Low back pain is a major cause of adult disability. The condition can occur to a variety of factors such as incorrect posture, muscle imbalances, sudden falls/injuries, heavy/strenuous work, and obesity. Medical conditions such as arthritis, fibromyalgia, spinal stenosis and sciatica also cause back pain.
Research continues to take place worldwide to understand this complex medical condition. According to a recently published Cochrane Review, targeting physical exercises to muscles that support and control the spine may help to reduce low back pain and the disability associated with it.
Generally, motor control exercises are performed to improve coordination of the muscles that control and support the spine. Physical therapists first guide patients to practice simple tasks, and as their skill increases, help them initiate more complex exercises that include functional tasks necessary to perform work/leisure activities.
This new study was based on data collected from 29 randomized trials involving a total of 2,431 men and women between the ages of 22 and 55. The trials assessed the feasibility of using motor control exercises as a treatment for back pain as against other forms of exercise or doing nothing.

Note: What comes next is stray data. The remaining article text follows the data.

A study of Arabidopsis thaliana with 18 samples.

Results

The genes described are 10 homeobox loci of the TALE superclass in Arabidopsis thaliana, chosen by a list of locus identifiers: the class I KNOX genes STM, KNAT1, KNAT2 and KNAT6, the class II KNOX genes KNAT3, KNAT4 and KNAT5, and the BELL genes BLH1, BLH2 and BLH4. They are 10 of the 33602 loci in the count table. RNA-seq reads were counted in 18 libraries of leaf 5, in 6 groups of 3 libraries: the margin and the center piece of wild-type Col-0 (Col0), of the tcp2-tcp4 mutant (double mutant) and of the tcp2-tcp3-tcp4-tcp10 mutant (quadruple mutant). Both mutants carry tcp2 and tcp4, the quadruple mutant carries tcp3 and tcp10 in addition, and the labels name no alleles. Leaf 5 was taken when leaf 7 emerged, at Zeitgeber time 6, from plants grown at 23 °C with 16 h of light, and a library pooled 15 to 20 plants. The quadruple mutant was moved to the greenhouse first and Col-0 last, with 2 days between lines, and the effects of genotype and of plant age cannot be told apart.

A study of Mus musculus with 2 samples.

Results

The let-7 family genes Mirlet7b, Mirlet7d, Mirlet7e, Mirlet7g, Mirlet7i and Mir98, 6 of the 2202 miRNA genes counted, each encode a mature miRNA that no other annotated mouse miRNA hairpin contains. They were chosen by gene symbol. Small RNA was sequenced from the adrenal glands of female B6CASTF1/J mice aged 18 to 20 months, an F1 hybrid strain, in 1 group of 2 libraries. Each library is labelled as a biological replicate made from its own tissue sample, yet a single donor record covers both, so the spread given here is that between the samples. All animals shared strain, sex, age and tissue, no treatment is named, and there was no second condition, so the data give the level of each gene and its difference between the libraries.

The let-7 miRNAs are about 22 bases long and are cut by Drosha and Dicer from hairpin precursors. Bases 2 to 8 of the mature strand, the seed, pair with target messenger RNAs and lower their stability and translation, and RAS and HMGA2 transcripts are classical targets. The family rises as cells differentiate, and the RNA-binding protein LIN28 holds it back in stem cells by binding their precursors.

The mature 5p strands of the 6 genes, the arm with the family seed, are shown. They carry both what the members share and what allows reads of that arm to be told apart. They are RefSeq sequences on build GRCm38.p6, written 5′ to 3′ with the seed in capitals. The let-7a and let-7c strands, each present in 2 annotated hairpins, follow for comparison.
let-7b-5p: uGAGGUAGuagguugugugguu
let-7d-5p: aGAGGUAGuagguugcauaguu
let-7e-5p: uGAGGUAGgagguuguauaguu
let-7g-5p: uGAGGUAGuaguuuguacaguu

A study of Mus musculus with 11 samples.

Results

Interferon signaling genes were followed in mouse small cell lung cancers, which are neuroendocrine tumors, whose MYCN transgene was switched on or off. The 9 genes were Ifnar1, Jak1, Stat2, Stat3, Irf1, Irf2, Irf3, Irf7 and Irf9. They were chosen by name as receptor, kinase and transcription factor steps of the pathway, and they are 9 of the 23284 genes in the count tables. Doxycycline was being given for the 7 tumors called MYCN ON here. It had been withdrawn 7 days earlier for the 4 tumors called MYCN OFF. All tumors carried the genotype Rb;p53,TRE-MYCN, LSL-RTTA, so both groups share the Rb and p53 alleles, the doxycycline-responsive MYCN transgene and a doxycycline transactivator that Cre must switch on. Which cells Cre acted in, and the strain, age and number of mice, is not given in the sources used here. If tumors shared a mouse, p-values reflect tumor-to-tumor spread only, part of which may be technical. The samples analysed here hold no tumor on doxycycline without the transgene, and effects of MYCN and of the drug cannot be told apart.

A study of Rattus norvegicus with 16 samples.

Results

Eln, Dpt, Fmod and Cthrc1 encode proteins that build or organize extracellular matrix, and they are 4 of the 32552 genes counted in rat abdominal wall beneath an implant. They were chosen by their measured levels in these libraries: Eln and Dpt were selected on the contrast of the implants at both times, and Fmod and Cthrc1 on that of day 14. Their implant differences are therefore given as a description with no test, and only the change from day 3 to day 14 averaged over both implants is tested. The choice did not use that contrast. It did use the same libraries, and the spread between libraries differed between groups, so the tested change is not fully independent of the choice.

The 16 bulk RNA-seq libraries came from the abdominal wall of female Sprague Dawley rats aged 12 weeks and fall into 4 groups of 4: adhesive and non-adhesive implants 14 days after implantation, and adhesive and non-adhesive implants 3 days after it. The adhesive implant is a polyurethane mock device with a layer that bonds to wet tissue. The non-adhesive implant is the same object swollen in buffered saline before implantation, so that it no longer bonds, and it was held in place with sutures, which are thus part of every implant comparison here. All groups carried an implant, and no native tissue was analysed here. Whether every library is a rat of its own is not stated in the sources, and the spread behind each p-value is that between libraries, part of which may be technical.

The study found that, when compared with minimal intervention, people who used motor control exercises experienced significant improvements in areas of pain and disability. Also, when a similar comparison was made with other types of exercise at gaps between 3 and 12 months, motor control exercises showed similar results for pain and disability.
At leading healthcare centers, patients are guided in performing motor control exercises and general exercises by experienced physical therapists. The new study suggests that motor control exercises, which improve the strength and coordination of muscles, offers an alternative approach to treating low back pain. However, the researchers concede that they are not aware about how motor control exercise can be compared with other forms of exercise in the long term, and that further study is required to help patients make more informed choices about continuing treatment.